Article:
Nissan is the second automaker to enter the home solar energy market with its solar storage system after Tesla released a similar package earlier this year


Nissan will enter the UK home energy market for the first time with the retail launch of a new solar power system.

The Nissan Energy Solar launch, announced this morning, follows partnerships with E.ON and Ovo Energy last year and has homeowners looking at a potential energy bill savings of 66%.

The Japanese car manufacturer’s package is said to be an all-in-one solution that combines solar panels with a battery to store the energy they generate, and a management system which allows residents to precisely control their energy consumption.

It can also be used to charge electric cars, which Nissan also develops.

Gareth Dunsmore, electric vehicle director for Nissan Europe, said: “Nissan Energy Solar enables UK homeowners to make significant savings on their household electricity bills, and become champions of sustainability and green technology.

The Nissan Energy Solar represents the automaker first venture into the UK home energy market

“More than 880,000 people in the UK already use solar panels and this fully integrated solution brings a fresh opportunity to grow this number exponentially over the coming years.”

The popularity of Nissan’s electric vehicles will provide a healthy dose of consumer faith and give the company a boost in the competitive home solar energy market, which comprises well-established tech giants like Samsung and, more recently, Tesla.

However, its utility will need to stand on its own merits in order to survive. Following its official launch, we break down the key elements surrounding Nissan Energy Solar.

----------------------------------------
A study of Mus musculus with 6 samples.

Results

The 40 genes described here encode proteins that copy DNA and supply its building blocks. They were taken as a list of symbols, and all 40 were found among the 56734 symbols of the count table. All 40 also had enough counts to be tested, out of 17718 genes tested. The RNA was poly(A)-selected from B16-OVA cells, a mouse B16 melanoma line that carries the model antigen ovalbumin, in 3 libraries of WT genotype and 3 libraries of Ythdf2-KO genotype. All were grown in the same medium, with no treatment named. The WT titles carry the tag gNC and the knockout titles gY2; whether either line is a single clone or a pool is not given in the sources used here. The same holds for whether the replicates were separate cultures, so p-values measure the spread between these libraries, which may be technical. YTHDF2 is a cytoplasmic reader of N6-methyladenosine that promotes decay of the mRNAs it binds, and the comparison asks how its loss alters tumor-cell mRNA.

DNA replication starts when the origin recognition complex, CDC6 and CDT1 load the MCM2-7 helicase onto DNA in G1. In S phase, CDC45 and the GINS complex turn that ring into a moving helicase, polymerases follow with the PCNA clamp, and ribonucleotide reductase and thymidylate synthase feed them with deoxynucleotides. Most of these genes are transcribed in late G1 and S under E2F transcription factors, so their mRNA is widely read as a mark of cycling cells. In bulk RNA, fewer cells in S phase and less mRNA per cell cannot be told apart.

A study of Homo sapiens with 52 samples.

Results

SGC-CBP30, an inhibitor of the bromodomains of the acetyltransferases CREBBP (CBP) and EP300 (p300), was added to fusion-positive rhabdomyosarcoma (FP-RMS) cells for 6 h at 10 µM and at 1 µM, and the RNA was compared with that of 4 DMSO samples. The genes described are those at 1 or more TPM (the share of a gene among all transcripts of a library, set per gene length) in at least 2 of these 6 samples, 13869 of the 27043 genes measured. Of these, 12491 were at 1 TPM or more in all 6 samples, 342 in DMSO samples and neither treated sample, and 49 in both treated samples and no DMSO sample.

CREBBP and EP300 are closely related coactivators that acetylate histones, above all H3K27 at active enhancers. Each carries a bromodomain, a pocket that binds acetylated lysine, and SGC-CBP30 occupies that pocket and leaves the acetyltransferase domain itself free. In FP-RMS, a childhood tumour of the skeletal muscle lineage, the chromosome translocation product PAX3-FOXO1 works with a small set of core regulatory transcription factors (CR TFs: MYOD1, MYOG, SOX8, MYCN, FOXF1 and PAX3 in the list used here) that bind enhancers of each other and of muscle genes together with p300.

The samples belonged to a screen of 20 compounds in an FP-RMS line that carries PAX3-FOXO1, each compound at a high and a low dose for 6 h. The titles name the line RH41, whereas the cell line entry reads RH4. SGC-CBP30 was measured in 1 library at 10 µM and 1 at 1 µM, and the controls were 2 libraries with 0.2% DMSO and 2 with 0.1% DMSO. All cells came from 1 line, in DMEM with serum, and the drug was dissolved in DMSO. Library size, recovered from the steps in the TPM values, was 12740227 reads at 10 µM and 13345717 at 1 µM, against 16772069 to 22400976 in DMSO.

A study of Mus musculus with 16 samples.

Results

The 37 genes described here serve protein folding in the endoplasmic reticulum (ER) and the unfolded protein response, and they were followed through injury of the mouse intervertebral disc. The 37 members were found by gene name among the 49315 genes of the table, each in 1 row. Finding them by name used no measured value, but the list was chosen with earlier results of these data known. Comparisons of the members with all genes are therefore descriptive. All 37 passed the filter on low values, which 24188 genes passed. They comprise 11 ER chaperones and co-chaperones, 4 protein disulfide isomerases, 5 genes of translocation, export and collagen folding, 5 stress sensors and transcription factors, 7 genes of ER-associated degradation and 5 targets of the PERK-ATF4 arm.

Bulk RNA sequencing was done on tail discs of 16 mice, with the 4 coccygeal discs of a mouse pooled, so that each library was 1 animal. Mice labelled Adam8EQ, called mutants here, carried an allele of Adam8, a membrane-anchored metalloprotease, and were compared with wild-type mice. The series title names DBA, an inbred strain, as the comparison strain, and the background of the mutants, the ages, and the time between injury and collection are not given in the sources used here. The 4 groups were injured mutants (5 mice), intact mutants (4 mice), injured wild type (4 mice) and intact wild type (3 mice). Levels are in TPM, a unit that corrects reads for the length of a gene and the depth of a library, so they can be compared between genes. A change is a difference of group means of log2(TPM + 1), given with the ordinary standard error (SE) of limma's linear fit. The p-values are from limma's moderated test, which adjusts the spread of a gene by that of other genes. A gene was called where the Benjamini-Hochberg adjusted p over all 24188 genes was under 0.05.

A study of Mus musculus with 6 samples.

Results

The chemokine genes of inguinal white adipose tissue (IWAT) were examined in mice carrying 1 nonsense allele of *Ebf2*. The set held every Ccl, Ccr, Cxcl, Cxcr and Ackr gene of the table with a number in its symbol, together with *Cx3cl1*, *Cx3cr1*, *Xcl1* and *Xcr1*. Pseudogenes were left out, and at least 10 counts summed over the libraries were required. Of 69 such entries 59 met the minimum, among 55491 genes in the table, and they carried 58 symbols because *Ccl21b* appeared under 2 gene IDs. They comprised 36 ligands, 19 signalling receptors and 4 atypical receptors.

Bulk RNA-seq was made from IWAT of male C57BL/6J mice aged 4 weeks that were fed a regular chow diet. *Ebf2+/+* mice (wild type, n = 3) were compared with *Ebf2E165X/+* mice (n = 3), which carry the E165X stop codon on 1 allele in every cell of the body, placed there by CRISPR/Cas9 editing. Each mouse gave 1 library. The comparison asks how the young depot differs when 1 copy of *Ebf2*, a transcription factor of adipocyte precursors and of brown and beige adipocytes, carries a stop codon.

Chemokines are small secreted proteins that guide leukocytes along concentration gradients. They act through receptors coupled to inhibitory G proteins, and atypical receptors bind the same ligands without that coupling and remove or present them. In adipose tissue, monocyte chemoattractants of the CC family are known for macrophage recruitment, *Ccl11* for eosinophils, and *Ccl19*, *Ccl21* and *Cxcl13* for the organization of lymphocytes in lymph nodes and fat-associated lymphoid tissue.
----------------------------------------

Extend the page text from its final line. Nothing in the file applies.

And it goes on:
The features

Customers can pay £7,635 for six solar panels and a 4kWh battery, including installation and VAT.

Nissan offers the choice between a new battery and a “second life” pack which uses old cells from electric vehicles but can still function for the task in question.

It also provides a degree of flexibility, allowing customers to buy just the battery to add on to existing panels (£3,881), or just the solar panels on their own (£6,446).

The context

The average UK household consumes between 8.5 – 10kWh every day, far more than the 4.5kWh storage capacity of Nissan’s battery.

So it’s not a top-to-bottom solution for our energy needs, rather it’s designed to mitigate the costs of peak consumption times by storing energy throughout the day for use in the evening.

With the average UK household paying about £1,000 in energy bills per year, Nissan’s package is an investment for the long-term for those wanting tangible financial returns on their purchase.

The competition

Nissan’s announcement comes two years after Tesla acquired Solar City – a California-based company which specialises in solar energy - in the name of providing zero emission power generation options, according to CEO Elon Musk.

Tesla’s 2nd iteration of its Powerwall battery

Customers can now purchase the Tesla clean energy stack, which includes roof panels, a home battery and a car.

Its power wall battery can store 13.5kWh and costs $5,900 (£4,367).

Samsung’s Energy Storage system comes with a 3.6kWh battery and costs £5,600.